I was never much of a Vertigo comics reader. The line began between the time I had written my first story for DC Comics (the bonus book in Warlord #131) and the time I wrote my next one, for Star Trek, six years later. (He admits, shamefacedly.) The only things it had to offer that really caught my eye were Sandman Mystery Theater (I am still a devoted Matt Wagner fan as a result of that one) and Doom Patrol (I have yet to find a version of the Doom Patrol that equals the original Drake / Premiani run, but this version just made me wonder if I was losing the capacity to read the English language.)
But the cover of Peter Milligan and Tess Fowler’s new effort from IDW’s Black Crown line made me nostalgic for something I was never really into. “That looks like a 90’s Vertigo cover!” I thought. And I guess I pleasantly remembered those halcyon days when I thought I was about to make it in the comics industry.
I hadn’t heard of it, but I picked it up on impulse. I liked Milligan’s Hellblazer pretty well. The publisher’s blurb calls it “A dark, demented satire,” and “Kafka meets King Lear by way of Young Frankenstein.”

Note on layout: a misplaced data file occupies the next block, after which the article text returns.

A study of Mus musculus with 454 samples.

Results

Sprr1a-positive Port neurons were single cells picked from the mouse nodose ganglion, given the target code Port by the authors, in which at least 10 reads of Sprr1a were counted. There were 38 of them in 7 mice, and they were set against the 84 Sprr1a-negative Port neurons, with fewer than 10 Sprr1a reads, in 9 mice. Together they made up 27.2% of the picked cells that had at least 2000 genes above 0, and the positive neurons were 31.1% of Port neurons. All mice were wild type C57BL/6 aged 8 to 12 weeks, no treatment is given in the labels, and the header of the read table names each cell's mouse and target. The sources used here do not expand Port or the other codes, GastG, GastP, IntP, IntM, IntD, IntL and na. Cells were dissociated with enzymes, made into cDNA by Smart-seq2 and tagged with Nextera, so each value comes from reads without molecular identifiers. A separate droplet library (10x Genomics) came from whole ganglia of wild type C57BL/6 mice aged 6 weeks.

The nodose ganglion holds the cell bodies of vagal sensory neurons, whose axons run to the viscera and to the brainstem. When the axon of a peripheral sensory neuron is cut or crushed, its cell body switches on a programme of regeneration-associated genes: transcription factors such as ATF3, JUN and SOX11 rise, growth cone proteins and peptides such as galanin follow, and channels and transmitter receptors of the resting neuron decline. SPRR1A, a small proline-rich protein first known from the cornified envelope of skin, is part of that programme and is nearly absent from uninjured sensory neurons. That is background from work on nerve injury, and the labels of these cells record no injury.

Huh. I never liked Kafka. I don’t even recall what I’ve read by him, but I know the whole cockroach thing just annoyed me. Lear is not my favorite Shakespeare play. Much Ado About Nothing is, followed, believe it or not, by The Winter’s Tale.
Still, I liked this strange story of a former rock star who runs a hotel and performs lobotomies on distressed clients for a whopping fee. Half the time you’re not sure what’s happening and what isn’t. The some trace of William S. Burroughs in the pacing of the narrative. It definitely hooked me though. I’ll be keeping an eye on this title.
Maybe I should go back and read more Vertigo? I do have all those Sandman trades (the Gaiman version) and a huge stack of Books of Magic I’ve never touched.
Hmmmm… Now where did I put all that stuff I haven’t read yet?